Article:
Data copyright © Prof Julian D Richards unless otherwise stated
Department of Archaeology
University of York
Tel: 01904 433901
Fax: 01904 433902
Digital Object Identifiers (DOIs) are persistent identifiers which can be used to consistently and accurately reference digital objects and/or content. The DOIs provide a way for the ADS resources to be cited in a similar fashion to traditional scholarly materials. More information on DOIs at the ADS can be found on our help page.
DOIs should be the last element in a citation irrespective of the format used. The DOI citation should begin with "doi:" in lowercase followed by the DOI with no spaces between the ":" and the DOI.
DOIs can also be cited as a persistent link from another Web page. This is done by appending the DOI Resolver with the DOI. This would look like:
However, if it is possible it is best to hide the URL in the href property of the <a> tag and have the link text be of the form doi:10.5284/1000339. The HTML for this would look like:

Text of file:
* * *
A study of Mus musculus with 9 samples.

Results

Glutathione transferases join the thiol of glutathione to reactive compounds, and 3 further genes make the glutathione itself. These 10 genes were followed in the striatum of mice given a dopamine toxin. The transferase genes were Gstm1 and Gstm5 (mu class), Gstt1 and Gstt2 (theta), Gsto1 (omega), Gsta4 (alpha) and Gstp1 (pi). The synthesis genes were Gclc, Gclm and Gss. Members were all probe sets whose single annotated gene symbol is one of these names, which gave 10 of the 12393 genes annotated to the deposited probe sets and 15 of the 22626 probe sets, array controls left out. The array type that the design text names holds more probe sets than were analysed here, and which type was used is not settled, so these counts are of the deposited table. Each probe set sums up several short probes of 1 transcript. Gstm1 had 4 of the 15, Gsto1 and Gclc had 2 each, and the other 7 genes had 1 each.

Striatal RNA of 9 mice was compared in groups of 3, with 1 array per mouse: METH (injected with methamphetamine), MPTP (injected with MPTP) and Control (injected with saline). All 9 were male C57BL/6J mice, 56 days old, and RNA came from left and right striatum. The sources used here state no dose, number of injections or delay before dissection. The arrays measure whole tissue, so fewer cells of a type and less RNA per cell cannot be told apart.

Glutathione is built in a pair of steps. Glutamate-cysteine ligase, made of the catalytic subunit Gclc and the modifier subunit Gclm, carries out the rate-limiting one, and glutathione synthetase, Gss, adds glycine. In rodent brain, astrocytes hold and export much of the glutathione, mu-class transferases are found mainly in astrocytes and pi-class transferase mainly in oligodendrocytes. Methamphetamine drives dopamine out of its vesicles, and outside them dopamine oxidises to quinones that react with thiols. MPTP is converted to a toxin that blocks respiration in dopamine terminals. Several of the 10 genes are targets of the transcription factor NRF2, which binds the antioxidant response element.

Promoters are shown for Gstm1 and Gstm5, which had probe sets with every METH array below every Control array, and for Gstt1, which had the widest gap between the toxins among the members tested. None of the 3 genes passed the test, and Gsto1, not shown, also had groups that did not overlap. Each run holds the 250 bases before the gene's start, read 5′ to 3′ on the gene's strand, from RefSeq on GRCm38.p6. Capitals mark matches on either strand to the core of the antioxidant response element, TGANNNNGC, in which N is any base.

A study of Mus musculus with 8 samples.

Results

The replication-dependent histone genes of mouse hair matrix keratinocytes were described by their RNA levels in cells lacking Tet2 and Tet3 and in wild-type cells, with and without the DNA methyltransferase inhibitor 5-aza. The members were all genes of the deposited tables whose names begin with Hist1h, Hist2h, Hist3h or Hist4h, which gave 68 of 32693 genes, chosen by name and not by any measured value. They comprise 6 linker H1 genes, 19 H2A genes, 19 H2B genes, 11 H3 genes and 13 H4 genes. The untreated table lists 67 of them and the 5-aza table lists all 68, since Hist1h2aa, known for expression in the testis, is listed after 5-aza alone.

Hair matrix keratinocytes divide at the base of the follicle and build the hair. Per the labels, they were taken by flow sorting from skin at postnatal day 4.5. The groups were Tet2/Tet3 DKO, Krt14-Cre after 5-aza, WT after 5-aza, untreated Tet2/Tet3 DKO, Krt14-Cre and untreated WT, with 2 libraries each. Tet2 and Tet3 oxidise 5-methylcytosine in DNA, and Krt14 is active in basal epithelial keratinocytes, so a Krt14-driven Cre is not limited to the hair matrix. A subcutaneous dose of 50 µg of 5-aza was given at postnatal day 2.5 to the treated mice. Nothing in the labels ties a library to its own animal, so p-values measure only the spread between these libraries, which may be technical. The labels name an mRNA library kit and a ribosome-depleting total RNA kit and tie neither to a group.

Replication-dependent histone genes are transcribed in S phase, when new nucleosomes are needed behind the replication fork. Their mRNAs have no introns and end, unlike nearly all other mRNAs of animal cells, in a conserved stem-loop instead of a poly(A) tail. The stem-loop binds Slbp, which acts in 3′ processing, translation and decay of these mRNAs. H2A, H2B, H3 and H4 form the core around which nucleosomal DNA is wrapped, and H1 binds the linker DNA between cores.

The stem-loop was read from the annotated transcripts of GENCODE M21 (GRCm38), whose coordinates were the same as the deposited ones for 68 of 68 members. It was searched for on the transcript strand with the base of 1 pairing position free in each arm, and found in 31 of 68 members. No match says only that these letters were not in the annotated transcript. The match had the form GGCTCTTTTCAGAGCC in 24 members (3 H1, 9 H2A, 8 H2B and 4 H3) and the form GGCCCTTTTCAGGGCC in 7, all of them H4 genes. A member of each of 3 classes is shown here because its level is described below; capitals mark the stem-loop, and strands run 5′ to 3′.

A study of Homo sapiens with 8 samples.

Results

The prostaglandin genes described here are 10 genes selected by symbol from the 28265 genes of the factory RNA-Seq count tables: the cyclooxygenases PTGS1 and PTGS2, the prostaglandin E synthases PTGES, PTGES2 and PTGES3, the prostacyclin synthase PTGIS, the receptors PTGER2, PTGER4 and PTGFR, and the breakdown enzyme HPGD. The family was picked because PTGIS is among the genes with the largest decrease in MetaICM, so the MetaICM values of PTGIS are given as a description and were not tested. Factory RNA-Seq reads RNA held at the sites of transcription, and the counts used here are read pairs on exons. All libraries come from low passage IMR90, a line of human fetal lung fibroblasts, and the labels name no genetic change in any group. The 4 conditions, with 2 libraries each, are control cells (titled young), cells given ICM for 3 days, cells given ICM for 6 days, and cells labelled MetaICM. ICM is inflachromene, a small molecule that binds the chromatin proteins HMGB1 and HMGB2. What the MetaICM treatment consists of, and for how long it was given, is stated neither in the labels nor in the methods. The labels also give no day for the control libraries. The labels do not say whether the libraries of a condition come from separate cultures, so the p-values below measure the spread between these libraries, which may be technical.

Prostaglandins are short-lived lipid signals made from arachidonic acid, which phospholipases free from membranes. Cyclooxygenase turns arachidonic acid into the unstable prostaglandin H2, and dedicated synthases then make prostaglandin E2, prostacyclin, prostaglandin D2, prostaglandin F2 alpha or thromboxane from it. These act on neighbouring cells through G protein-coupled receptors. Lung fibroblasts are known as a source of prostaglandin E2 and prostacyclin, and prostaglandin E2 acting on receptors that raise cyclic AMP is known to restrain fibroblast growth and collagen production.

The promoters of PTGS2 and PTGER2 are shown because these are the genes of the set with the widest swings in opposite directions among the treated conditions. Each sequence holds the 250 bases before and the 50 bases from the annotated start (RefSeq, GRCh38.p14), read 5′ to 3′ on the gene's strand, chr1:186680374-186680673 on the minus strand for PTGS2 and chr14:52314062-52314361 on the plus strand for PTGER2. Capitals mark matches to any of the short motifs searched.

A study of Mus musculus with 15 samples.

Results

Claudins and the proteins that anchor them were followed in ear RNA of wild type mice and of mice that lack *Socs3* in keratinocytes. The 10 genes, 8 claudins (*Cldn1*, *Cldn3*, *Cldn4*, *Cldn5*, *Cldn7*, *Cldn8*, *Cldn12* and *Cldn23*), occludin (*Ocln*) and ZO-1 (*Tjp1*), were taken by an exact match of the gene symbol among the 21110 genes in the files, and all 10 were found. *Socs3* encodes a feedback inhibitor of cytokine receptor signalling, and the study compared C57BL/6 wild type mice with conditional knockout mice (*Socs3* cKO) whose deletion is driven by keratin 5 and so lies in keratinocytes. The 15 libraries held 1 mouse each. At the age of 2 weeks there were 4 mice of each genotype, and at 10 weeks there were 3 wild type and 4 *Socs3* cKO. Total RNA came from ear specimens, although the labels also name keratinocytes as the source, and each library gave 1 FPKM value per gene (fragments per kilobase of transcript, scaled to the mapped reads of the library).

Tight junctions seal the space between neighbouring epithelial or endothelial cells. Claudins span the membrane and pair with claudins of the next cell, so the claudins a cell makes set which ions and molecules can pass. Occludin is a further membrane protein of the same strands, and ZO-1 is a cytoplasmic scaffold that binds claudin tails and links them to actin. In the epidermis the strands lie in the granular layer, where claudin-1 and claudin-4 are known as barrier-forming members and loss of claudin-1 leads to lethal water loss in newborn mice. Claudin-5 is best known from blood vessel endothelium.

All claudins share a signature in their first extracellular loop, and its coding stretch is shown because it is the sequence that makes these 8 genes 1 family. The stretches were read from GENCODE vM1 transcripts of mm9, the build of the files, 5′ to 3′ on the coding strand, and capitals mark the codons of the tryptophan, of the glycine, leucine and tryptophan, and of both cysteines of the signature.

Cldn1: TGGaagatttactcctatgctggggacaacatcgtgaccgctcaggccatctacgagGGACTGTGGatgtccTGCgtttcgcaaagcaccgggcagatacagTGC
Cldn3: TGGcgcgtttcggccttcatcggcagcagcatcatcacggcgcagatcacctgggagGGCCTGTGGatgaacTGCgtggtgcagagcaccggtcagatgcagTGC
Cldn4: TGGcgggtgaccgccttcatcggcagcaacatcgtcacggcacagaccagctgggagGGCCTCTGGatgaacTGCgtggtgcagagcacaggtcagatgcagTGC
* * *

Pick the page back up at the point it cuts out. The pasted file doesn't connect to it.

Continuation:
Julian D Richards (2001) Burrow House Farm, Cottam: an Anglian and Anglo-Scandinavian Settlement in East Yorkshire [data-set]. York: Archaeology Data Service [distributor] (doi:10.5284/1000339)
The presence of Anglian and Anglo-Scandinavian settlements at Cottam B, East Yorkshire, was first indicated in 1987 by numerous finds of copper alloy coins, dress pins and strap ends by metal detector users. Archaeological fieldwork revealed an enclosure of the eighth-ninth centuries AD, containing traces of a small number of post-built halls. In the late ninth century this settlement was then abandoned, a process which led to the incorporation of a human female skull in a domestic rubbish pit. A new enclosed settlement was laid out nearby, which was occupied briefly in the early tenth century. It is argued that the Anglian settlement may have been part of a royal multiple estate but that as a result of estate reorganisation after the Scandinavian settlement it developed into an independent manor. Cottam is the first so-called "productive site" in the environs of York to be the subject of archaeological investigations. The results suggest that it was a prosperous but not exceptional site, and that the primary activity was farming, with limited evidence for trade or manufacture. This work also prompts a reassessment of the typology of crop mark enclosures and a re-examination of the large number of undated enclosures in the area.